Paying later trend concern


During last year’s lockdown, there was a big spike in online shopping and a coinciding rise in the use of buy-now-pay-later providers, which were leading some people into financial hardship, North Otago financial mentor Mary Bulatao said.

There are several providers in the market, including Afterpay, Oxipay, PartPay and Laybuy. Shoppers can buy and receive items immediately, but pay them off over up to 10 weeks from their debit or credit card.

If people met all their payments, it was an interest-free way to spread the cost of a purchase, but Mrs Bulatao had seen how easily the services became a trap in which people spent money they did not have – and there were hefty fees if things went wrong.

Their big appeal was convenience.

“You can be at home on your computer and just buy what you want.

“Everybody is being lured to ‘buy now’ . . . it’s enticing.”

Shoppers were given set limits on how much they could spend with each platform, but each operated independently, so it was possible to have accounts running with a range of providers.

Spending limits were often extended after more purchases were made.

“People get in the mindset where they think, still have $300 to spend’, but it’s not [their] money.”

Spending $5 here and $10 there did not seem like a lot, but could easily snowball and become hard to keep track of, Mrs Bulatao said.

One woman accessing the North Otago Budget Advisory Service had 23 buy-now-pay-later purchases to pay back at once.

Another was seeking help after making many purchases while pulling in a steady income, but had become ill and could no longer work, nor make payments.

When people were finding themselves struggling to keep up with their payments, Mrs Bulatao helped them prioritise which ones to pay first – and when.

“You can owe a lot very quickly.”

Mrs Bulatao said some of the companies conducted credit checks, but others did not – preying on vulnerable people.

“It’s not responsible lending,” she said. “It’s geared towards people who don’t have a lot of money.”

Under the Credit Contracts and Consumer Finance Act 2003, lenders had a responsibility to ensure there was an affordability to repay, she said.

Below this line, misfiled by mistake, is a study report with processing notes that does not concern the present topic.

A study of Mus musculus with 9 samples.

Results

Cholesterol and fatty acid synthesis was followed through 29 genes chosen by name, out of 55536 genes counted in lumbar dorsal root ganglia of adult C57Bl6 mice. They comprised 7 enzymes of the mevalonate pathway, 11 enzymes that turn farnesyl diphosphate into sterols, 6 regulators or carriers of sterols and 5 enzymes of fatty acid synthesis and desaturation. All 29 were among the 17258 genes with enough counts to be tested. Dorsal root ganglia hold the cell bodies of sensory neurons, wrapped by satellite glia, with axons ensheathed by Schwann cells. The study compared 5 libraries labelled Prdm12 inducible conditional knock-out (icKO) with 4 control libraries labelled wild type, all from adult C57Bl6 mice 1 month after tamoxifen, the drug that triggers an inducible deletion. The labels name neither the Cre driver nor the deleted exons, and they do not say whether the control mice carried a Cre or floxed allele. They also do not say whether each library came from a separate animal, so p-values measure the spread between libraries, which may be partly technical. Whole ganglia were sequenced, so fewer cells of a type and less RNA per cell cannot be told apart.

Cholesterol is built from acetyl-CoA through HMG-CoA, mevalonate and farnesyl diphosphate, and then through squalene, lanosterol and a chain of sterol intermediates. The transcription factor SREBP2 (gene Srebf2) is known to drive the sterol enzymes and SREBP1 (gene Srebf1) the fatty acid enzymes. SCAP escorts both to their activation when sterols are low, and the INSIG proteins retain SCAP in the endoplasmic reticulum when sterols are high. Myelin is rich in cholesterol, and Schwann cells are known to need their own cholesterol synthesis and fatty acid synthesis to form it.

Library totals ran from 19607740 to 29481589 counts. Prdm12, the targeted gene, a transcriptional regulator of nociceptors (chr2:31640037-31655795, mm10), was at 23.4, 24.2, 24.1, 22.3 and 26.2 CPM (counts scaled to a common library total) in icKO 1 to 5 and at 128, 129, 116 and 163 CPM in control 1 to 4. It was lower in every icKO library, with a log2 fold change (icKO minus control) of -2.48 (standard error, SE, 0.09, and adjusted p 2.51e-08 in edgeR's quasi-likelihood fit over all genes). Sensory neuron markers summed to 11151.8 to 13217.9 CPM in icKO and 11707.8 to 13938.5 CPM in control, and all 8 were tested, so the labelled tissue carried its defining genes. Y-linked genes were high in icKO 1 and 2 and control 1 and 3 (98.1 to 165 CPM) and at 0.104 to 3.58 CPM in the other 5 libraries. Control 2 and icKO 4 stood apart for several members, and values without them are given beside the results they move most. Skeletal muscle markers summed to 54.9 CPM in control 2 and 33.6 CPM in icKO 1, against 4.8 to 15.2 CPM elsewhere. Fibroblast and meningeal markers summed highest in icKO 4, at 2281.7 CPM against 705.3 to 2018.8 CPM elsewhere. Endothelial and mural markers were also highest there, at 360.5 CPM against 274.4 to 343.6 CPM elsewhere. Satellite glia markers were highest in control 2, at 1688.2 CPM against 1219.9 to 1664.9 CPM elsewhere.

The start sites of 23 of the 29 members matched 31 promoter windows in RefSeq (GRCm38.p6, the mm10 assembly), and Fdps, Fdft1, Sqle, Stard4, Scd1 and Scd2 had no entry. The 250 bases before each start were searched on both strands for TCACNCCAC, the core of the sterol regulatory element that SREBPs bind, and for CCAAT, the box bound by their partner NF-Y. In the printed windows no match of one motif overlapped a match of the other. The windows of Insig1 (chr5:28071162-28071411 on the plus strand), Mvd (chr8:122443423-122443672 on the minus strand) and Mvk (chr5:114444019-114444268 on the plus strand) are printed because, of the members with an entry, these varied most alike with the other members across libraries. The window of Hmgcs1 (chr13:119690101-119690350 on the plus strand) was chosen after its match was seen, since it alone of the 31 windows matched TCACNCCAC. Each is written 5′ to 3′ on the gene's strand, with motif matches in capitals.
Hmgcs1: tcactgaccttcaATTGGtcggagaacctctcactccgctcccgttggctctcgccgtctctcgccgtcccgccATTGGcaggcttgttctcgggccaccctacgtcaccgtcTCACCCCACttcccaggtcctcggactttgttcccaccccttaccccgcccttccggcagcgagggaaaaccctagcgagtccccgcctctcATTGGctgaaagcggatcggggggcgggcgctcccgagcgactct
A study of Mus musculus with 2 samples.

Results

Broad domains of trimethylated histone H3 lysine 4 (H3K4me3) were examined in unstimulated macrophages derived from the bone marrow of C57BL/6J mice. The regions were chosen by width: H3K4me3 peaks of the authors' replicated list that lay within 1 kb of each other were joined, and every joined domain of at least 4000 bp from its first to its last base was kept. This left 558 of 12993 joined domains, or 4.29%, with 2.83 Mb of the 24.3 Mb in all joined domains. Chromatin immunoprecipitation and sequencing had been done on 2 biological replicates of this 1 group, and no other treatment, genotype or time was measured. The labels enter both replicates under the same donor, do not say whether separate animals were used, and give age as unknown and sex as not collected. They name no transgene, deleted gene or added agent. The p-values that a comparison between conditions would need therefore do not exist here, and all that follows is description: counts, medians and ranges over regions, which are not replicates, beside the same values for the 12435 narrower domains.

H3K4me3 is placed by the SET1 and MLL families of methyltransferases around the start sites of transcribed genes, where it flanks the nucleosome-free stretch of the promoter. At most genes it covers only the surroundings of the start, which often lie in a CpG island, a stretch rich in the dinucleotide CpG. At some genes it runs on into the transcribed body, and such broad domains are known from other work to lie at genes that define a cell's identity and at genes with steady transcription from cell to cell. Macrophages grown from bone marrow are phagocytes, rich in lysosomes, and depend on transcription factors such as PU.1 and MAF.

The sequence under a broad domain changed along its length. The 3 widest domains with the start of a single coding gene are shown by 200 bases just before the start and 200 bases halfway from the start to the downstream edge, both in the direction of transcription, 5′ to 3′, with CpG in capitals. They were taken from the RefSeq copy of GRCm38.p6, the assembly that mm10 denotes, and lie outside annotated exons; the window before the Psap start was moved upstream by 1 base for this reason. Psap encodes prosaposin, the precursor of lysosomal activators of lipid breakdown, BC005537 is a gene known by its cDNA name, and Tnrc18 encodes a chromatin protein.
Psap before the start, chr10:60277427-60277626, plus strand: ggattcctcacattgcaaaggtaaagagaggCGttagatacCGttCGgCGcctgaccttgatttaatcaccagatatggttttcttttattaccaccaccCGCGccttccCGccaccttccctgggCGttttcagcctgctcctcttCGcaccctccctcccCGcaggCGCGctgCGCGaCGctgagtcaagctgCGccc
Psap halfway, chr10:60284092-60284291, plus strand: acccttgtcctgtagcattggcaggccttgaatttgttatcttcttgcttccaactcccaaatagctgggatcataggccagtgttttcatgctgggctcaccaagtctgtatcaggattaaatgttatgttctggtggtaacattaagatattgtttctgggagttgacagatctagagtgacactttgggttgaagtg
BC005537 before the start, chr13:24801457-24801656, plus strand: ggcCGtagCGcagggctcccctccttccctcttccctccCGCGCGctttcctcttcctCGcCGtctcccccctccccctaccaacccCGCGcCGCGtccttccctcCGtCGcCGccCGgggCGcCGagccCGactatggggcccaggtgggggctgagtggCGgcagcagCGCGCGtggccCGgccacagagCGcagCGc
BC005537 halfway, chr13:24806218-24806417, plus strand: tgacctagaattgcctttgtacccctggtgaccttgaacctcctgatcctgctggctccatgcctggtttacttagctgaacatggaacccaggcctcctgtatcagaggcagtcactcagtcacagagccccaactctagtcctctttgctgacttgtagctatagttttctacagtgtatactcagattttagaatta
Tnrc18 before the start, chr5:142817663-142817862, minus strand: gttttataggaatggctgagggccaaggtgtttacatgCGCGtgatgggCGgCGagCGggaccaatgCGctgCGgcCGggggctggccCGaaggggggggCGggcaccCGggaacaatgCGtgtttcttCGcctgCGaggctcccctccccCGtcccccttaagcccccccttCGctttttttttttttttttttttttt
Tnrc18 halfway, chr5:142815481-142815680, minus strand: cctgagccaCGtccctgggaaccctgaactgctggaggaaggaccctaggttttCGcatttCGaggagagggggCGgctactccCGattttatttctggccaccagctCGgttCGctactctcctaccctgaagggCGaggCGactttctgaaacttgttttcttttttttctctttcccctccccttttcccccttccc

But because many of the buy-now-pay-later services advertised a “no interest” policy, they were not regulated under the Credit Contracts and Consumer Finance Act (CCCFA), a Ministry of Business, Innovation & Employment (MBIE) spokesperson said.

Therefore, the services were exempt from the Act’s requirements and associated regulations, and many did not conduct the usual checks, Mrs Bulatao said.

But an individual’s credit score could be affected, depending on their use of the service and unpaid payments could be put in the hands of debt collectors.

An Afterpay spokesman told the Oamaru Mail that although the company did not conduct credit checks, it did not report late payments.

If a customer missed payments it would not allow them to make any more purchases until they were up to date.

Afterpay’s spending limit started at about $500 and would only extend if user had a track record of paying on time.

Purchase approval depended on the amount of orders a customer had “open”, funds available on their card, the value of the order, and how long they had been using the service.

The company had a financial hardship policy since its inception, allowing late fees to be waived or moving payment dates, the spokesman said.

MBIE understood buy-now-pay-later providers were working to establish their own industry code.

The ministry was monitoring this progress, and had power under the CCCFA to extend legal requirements to buy-now-pay-later services, if industry-led measures were unsatisfactory.